A doctor, a housewife, a maid who would rather tell jokes than clean, a cancer patient and a cheating husband all inhabit the clever imagination of playwright Sarah Ruhl, who unites the disparate characters with impressive thematic cohesion in her Pulitzer-nominated play The Clean House, now at Actors Guild of Lexington.
The play's synopsis sounds wacky: a Brazilian maid who would rather write the perfect joke becomes friends with the cleaning-obsessed sister of her boss, Lane, a doctor who appears to have the perfect life: a modern home, a thriving career and marriage to a surgeon. But Lane's world crashes when her husband falls in love with an Argentine cancer patient.
If it sounds as if there is a lot going on in this play, there is, but Ruhl's writing is refreshingly lean. Her unusual plot unfolds elegantly, with surprising twists that underscore themes of class division, relationships among women, the nature of love and the power of laughter.
Director Eric Seale develops these themes with a kind of buoyant solemnity, or solemn buoyancy, depending on the scene, in keeping with Ruhl's message that the brightest and darkest aspects of life, laughter and death are not so separate.
The play doesn't have a traditional "lead" role, but it is the maid, Matilde, who forms the social glue that bonds the other characters. Surayah Shalash is impeccably cast in this role. She dynamically embodies Matilde's almost spiritual commitment to laughter; and even though she tells jokes in another language, we don't need to know what she is saying to feel the warmth and humor.
Missy Johnston is a breath of fresh air as Ana, the beautiful mistress to Lane's husband, Charles (Mark Callahan). When Charles reveals his affair to Lane, he is unapologetic and says Ana is his "beshert," a Yiddish word for a soul mate. The confession of the affair and the resulting emotional complexities are handled with frank sophistication. Everyone still loves and needs everyone else.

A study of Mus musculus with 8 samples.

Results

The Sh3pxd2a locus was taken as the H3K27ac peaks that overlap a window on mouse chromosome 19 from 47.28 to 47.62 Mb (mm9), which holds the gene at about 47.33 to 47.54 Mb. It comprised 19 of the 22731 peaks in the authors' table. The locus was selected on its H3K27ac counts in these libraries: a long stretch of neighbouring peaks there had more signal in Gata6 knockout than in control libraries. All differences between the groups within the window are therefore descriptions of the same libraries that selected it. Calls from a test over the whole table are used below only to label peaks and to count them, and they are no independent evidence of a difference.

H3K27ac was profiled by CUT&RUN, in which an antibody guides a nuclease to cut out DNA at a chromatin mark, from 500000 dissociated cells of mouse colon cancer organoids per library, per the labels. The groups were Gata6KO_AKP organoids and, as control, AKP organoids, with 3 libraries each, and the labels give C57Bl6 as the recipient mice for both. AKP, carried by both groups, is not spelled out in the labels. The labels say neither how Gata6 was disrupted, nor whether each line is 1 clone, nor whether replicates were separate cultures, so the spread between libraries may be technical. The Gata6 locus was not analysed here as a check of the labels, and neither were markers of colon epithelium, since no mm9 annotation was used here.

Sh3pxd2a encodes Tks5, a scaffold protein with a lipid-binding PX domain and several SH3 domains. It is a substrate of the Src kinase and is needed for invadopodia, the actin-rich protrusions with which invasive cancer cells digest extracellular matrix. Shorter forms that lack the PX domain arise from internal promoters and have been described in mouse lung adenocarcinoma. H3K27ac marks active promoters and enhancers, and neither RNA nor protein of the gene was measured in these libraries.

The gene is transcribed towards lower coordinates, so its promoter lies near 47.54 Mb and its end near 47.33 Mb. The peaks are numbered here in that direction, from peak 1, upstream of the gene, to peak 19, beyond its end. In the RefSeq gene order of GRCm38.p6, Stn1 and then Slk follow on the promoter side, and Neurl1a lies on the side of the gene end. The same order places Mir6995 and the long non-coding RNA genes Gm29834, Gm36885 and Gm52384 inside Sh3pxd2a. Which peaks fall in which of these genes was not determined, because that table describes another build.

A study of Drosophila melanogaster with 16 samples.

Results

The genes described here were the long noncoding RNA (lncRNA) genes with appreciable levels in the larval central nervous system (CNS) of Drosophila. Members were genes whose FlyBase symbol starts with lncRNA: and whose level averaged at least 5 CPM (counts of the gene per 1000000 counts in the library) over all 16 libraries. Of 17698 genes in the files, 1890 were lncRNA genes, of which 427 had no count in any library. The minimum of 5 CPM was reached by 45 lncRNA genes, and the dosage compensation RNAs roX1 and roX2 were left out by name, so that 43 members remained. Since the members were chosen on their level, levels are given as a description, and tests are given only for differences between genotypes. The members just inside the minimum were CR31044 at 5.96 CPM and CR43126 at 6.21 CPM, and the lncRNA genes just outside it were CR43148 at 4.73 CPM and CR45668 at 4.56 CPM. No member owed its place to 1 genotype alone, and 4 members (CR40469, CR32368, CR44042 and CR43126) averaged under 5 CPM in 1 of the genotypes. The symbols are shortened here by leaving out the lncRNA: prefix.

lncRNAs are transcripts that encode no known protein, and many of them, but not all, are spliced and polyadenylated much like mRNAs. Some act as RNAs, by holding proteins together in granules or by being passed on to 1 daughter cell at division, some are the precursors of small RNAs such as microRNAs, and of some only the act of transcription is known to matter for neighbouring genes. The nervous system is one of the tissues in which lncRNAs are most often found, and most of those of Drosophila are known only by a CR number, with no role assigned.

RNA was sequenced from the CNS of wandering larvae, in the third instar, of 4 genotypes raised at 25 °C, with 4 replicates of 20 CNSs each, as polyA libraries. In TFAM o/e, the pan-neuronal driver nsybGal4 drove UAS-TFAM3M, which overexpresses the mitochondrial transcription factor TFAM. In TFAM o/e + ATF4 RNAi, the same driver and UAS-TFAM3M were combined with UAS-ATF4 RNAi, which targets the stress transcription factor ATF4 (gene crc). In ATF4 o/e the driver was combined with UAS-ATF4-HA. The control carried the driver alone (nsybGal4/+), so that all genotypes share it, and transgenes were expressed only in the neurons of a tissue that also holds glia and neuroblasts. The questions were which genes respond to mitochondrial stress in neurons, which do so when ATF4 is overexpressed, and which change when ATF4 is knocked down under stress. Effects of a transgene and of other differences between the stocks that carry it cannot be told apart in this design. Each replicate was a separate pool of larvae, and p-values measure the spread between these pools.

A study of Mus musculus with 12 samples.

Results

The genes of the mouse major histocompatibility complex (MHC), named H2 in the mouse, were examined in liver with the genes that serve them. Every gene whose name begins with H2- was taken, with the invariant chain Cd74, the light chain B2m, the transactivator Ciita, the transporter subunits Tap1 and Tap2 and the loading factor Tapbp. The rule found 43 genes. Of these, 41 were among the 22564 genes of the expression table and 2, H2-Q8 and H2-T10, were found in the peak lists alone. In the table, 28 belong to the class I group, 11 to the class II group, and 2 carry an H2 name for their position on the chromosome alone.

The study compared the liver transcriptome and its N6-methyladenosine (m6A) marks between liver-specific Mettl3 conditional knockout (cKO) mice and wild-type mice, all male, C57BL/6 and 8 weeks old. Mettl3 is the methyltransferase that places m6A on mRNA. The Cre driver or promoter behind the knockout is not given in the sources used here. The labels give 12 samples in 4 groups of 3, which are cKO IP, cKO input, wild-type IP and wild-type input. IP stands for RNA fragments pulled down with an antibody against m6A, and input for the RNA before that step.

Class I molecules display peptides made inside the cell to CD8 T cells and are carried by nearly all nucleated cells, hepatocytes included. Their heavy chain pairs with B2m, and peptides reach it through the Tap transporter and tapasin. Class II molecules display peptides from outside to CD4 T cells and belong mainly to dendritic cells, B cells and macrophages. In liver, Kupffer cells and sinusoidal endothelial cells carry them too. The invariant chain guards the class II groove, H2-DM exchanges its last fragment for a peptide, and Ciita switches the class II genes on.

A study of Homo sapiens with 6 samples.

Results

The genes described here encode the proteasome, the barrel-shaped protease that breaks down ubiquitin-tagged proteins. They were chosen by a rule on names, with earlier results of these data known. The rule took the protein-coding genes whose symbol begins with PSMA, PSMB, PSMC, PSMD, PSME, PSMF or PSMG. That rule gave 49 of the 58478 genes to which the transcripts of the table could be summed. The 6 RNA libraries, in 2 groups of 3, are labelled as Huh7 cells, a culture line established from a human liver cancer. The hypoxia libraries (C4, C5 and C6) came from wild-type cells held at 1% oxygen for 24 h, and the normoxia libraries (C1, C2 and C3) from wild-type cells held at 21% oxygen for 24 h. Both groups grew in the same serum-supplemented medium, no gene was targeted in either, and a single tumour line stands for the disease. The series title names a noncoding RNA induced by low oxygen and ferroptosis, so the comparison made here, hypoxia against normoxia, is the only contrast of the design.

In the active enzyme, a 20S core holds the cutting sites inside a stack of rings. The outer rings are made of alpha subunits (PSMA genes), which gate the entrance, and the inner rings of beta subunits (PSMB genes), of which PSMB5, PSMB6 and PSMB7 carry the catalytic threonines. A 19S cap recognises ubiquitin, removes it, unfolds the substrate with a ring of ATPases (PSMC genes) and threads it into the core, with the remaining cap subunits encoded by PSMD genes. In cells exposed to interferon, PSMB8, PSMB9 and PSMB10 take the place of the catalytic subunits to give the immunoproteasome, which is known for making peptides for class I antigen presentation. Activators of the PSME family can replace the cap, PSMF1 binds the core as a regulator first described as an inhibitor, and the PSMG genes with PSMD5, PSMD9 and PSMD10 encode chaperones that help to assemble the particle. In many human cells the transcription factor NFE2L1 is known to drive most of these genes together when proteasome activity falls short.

Kimberly Burris and Cherie Kiesler deliver enthusiastic performances as Lane and her sister Virginia, but they should develop their characters more. Ruhl has given them ripe material, and allowing the audience to experience more of their conflict would strengthen the show. A moment when unappreciated housewife Virginia cries because Matilde says "thank you" is moving, but such moments can be mined for even more emotion.
Like Matilde, who breaks tension by asking if anyone would like to hear a joke, Ruhl's play oscillates back to the light side after dwelling on the dark, or somehow concocts a marriage of the two.
Take the opening of Act II, when Charles is operating on Ana; the scene is elaborately pantomimed to opera. Somehow, this is hilarious, despite the scenario's brutal truth: that someone is fighting death. It's an echo of something Ruhl said in The New Yorker: "Everyone has a great, horrible opera inside him."